By: Katherine Tortorella
Frank Gallegos, 53, a resident of Pilsen his whole life, remembers the fear he felt as a child.
“I remember having to run home from school so I wouldn’t get in trouble, hiding under cars because they were shooting,” he said.
Now he feels safer, as the neighborhood is undergoing changes.
“I have more freedom to walk wherever without a problem knowing that for me it’s safe,” he said.
Throughout the past 10 years, the neighborhood of Pilsen, located on Chicago’s West Side, has been facing gentrification. Gentrification has increased value of the property in the neighborhood, however, it also has driven up rents. This has forced the displacement of some families who can’t afford the rent.
Pilsen is a neighborhood which originally was home to immigrants from the Czech Republic. Gradually, the neighborhood turned into an enclave for those of Mexican descent. In the beginning of their residency, the neighborhood was a way for Mexican immigrants to find cheap living expenses and be surrounded by their culture. Now with gentrification, they see their culture slipping away from them due to the addition of “trendy” shops and cafes.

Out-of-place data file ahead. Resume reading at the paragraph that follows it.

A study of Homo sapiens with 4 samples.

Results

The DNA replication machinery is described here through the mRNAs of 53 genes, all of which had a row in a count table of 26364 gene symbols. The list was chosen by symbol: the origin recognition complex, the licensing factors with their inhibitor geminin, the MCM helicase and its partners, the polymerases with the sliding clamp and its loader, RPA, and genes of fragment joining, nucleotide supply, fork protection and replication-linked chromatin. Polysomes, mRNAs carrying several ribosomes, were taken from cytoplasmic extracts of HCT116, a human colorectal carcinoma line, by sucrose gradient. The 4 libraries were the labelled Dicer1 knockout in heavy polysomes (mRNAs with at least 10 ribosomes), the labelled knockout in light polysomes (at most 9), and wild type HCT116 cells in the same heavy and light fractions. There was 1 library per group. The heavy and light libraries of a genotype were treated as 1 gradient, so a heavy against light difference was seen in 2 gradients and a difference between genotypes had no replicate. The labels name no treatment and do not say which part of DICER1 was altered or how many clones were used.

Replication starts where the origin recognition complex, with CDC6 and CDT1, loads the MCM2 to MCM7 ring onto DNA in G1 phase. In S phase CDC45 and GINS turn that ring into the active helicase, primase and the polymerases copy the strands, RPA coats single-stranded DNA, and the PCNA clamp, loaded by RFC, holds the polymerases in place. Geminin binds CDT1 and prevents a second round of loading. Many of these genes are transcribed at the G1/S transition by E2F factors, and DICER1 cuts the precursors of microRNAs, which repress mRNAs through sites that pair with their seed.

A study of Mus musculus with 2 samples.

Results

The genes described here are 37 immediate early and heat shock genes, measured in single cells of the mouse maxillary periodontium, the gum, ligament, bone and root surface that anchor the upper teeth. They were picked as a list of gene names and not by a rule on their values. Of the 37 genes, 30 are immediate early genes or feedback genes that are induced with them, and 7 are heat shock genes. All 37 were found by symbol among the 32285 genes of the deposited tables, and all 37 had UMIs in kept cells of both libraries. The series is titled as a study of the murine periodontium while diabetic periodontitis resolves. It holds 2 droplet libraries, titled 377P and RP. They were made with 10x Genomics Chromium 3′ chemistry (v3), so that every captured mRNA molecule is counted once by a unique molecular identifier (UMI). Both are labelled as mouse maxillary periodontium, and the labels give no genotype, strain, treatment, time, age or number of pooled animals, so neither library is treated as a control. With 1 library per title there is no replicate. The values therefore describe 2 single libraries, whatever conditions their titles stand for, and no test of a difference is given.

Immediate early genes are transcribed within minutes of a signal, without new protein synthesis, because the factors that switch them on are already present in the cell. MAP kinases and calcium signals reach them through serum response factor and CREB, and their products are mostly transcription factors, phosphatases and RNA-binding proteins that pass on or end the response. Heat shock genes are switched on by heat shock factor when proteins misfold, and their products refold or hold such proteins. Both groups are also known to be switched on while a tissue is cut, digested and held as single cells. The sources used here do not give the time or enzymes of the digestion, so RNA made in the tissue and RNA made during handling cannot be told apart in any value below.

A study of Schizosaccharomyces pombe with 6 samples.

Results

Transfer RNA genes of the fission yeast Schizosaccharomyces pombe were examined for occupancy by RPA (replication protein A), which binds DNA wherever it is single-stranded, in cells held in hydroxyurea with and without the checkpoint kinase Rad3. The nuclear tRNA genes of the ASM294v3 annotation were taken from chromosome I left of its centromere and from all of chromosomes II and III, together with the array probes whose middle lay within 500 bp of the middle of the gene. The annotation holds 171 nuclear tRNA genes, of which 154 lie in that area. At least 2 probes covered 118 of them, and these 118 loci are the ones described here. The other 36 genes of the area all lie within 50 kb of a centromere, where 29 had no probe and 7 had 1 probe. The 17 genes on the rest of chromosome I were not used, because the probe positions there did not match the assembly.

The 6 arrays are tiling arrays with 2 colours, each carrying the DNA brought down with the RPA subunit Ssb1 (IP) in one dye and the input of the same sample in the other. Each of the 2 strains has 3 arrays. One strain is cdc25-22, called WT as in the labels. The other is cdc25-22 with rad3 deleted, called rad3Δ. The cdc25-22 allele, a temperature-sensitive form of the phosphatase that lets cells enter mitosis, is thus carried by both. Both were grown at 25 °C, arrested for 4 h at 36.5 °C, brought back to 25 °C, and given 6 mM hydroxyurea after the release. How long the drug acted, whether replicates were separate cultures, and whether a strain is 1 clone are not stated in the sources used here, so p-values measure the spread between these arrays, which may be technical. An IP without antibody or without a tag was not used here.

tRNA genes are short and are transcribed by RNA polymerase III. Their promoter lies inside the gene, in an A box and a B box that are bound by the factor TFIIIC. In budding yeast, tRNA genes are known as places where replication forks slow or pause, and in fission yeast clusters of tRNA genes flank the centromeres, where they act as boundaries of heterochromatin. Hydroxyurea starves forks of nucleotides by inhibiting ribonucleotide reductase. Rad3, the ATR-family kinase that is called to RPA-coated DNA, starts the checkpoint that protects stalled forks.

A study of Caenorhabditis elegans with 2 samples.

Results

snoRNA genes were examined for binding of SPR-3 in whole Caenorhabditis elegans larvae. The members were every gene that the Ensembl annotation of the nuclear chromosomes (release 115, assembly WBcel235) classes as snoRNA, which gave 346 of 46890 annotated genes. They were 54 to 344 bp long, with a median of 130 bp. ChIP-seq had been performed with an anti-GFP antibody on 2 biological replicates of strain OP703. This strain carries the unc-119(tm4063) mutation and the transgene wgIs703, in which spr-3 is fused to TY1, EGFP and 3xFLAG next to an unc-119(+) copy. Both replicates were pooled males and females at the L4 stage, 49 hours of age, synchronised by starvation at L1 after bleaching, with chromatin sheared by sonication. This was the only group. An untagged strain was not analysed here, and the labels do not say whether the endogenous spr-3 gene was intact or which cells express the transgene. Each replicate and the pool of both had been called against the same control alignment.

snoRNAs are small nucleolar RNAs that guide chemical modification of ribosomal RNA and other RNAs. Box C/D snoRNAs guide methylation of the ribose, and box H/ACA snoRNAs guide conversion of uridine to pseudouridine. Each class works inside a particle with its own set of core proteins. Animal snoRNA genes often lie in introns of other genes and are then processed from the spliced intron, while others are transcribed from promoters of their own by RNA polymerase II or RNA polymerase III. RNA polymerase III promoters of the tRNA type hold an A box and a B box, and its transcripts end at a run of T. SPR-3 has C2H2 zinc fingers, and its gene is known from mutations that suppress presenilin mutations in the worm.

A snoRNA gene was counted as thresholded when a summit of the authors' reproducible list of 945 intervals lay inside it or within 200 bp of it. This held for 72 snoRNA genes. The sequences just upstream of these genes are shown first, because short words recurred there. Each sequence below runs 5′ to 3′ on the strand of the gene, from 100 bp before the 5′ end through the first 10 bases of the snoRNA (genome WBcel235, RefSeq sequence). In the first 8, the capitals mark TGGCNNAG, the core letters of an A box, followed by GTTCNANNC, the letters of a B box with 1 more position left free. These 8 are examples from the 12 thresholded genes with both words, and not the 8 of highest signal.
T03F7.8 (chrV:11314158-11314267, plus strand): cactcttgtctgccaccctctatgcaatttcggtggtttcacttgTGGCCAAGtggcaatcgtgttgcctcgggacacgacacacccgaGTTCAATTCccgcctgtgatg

Pilsen, with a population of 36,000 people, is bounded by 16h Street on the north, Cermak Road on the south, Halsted Street on the east, and Western Avenue on the west.
Located next to the CTA Pink Line as well, Pilsen is in a prime location for young residents to live while still being just a train ride away from the heart of Chicago.
Students from the University of Illinois at Chicago also have an interest of being in Pilsen due to the still cheap renting costs compared to the cost of on-campus dorms.
Gilberto Sandoval, 22, general museum educator at the National Museum of Mexican Art, was raised in Pilsen and is still a resident. He expresses some concerns about the gentrification of the community.
“It’s easy to displace people”, he said, “but it’s really difficult to displace the people without displacing the culture.”